DISCLAIMER: My faith in democracy is resolute and unshakable and I am prepared to go with it down the drain with my democratic faith undiminished. I am not a fascist, I do not believe in violence, I abhor the idea of people’s heads being chopped off, even of their own accord. This fantasy was not woven by me; Blame it on Italo Calvino, and I am presenting this as piece of fiction - not as utopian draft for future.
If you are too close to the thing, you don’t notice the tree for the woods. Like living in the most debauched version of democracy, we have not even noticed that elections have become merely a state procedure and getting elected nothing but a plebicitarian manipulation of the base sectarian loyalties of people. In my version of the Modest Proposal I had suggested that the aspirants run a race to infinity, the one who stays till the last automatically inherits power. But I found this proposal by Italo Calvino - “Beheading the Heads” - much more acceptable, and it comes with its philosophical explanation. I have abridged and summarised the story to the purpose stated above.
In Italo Calvino’s fable, “Beheading the Heads”, they have devised a very effective system for transfer of power. Anyone who offers to be the head of the state must voluntarily submit to his head being chopped off at the end of his term, in a massive public ceremony attended by the citizens. The scaffolds are made to exact specifications, so that the citizens get the best possible view of the neatly cut head jumping into the basket.
The citizens remembered with surprise that during barbarian interregnums, “Someone rules, commands, then, as if nothing had happened, stops and goes back home.' And dies in bed.
The arrangement proved to be a very effective way of stopping non-serious and undeserving candidates running for office. The logic is very simple. “Authority over others is indivisible from the right of those others to have you climb the scaffold and do away with you, one day in the not too distant future ... What authority would a leader have without the aura of this destiny around him, if you couldn't read it in his eyes, his sense of his end, for every second of his mandate? Civil institutions depend on this dual aspect of authority; no civilization has ever used any other system.”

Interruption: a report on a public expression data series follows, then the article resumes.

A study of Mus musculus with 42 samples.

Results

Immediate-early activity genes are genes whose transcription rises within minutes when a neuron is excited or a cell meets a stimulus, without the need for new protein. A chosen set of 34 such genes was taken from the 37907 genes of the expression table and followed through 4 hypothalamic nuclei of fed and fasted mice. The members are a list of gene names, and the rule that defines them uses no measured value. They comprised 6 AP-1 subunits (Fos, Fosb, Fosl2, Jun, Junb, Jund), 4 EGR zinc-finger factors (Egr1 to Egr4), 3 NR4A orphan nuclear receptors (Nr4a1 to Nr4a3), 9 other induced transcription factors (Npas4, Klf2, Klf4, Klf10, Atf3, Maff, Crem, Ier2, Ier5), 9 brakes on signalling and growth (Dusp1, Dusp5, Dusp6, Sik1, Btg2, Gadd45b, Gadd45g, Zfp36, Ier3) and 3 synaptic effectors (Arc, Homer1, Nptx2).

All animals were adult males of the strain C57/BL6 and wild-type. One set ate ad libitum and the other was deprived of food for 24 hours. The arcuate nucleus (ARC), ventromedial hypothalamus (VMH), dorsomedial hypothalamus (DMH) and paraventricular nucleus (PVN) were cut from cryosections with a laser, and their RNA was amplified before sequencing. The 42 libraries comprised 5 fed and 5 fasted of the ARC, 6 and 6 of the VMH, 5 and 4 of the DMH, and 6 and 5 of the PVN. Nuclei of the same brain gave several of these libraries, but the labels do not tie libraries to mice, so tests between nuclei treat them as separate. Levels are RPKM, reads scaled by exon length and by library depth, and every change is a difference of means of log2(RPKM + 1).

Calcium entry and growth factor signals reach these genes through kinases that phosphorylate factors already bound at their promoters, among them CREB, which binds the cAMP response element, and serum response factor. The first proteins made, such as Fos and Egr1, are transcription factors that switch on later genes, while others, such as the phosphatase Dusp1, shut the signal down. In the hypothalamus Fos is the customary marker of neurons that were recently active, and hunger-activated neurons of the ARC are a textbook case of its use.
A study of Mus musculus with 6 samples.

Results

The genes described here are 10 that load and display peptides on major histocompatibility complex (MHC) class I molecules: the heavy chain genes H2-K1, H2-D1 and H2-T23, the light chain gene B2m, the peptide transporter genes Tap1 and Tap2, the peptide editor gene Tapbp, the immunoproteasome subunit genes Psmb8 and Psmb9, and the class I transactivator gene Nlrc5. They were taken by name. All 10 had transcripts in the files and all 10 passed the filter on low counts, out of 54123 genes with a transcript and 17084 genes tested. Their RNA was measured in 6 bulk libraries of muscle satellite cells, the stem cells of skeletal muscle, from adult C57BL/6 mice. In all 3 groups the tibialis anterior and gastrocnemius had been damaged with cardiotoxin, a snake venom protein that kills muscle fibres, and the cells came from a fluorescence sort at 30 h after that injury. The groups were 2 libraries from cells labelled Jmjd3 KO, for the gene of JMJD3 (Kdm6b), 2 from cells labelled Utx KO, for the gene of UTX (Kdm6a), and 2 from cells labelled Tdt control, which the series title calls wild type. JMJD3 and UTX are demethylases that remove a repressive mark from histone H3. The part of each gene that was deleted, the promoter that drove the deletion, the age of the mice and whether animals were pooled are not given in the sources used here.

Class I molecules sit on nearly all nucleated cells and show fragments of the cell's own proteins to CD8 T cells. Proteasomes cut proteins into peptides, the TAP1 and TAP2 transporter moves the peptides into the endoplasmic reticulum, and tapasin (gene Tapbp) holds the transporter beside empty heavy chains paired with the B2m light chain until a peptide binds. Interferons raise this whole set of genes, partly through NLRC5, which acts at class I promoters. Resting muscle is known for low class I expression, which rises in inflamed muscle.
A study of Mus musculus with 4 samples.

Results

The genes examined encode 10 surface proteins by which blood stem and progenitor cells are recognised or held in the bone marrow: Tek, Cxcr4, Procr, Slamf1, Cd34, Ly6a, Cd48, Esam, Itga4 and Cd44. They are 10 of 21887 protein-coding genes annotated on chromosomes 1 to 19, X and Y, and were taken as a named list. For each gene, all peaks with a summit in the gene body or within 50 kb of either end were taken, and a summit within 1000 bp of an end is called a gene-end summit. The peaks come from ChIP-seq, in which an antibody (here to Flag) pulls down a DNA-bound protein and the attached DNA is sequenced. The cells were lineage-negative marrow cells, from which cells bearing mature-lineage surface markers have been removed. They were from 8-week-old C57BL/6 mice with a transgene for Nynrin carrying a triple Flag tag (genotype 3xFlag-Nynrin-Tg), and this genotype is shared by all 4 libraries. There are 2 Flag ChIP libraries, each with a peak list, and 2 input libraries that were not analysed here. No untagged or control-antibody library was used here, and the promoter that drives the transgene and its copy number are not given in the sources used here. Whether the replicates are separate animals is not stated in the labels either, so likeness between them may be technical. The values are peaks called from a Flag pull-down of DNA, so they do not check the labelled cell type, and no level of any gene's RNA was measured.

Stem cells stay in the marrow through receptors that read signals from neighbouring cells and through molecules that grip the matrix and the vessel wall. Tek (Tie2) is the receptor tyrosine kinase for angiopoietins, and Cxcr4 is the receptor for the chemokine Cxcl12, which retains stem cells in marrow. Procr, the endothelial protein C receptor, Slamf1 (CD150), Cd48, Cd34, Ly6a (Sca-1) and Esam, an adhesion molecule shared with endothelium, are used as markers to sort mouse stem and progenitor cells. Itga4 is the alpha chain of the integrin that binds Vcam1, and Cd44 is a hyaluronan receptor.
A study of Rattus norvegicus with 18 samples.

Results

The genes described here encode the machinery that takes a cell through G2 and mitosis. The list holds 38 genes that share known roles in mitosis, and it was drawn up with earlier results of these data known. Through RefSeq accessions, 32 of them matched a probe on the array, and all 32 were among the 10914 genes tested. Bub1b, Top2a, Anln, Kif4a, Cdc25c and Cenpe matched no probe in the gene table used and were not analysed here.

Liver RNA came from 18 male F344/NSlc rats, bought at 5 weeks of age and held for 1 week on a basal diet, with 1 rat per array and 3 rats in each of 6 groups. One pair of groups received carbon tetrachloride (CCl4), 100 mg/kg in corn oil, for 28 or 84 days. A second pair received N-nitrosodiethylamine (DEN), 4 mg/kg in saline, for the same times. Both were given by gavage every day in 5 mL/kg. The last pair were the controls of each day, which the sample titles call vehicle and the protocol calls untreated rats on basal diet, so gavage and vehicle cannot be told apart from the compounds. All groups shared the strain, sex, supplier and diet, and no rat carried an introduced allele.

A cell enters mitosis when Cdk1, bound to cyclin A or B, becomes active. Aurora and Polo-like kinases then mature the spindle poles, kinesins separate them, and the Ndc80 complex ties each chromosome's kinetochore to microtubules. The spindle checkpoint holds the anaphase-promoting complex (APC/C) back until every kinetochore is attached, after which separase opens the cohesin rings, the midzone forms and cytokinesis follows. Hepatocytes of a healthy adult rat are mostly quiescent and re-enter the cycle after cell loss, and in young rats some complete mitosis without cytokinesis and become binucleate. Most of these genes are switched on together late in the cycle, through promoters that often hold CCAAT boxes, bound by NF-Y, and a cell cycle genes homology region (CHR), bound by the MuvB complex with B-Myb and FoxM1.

A citizen explains, “The head commands so long as it's attached to the neck.”
“What do you mean?”, the others asked. “Do you mean that if for example a leader went beyond his term and, just for the sake of argument, didn't get his head cut off, he'd stay there ruling, his whole life long?”
"That's how things used to be”, the old man agreed, “in the times before it was clear that whoever chose to be leader chose to be beheaded in the not too distant future. Those who had power hung on to it...” .....
“So? What did people do?”, they asked the old man.
“They had to cut their heads off willy-nilly, with brute force, against their wishes! That's what used to happen before things were organized, before the leaders accepted... “
“It's not true that the leaders are forced to undergo execution. Say that and you miss the real meaning of our statutes, the real relationship that binds our leaders to the rest of the people. Only heads of state can be beheaded, hence you can't wish to be a head without also wishing for the chop. Only those who feel they have this vocation can become heads of state, only those who already feel themselves beheaded the moment they take up a position of authority.” ......
"That's what power is,” he went on, “this waiting for the end. All the authority one has is no more than advance notice of the blade hissing through the air, crashing down in a clean cut, all the applause you get is no more than the beginning of that last applause that greets your head as it rolls down the waxed surface of the scaffold.”
The visitor was told that the man making this small little speech was the man likely to succeed: “Tomorrow he'll be watching the executions as if they were already his own. They're all like that, the first days; they get upset, excited, they make a big deal of it.”
"Vocation: what pompous words they come out with!”
“And afterwards?”
“He'll get used to it, like everybody else. They have so much to do, they don't think about it anymore, until their day comes around. But then: who can see into a leader's mind? They give the impression they're not thinking about it.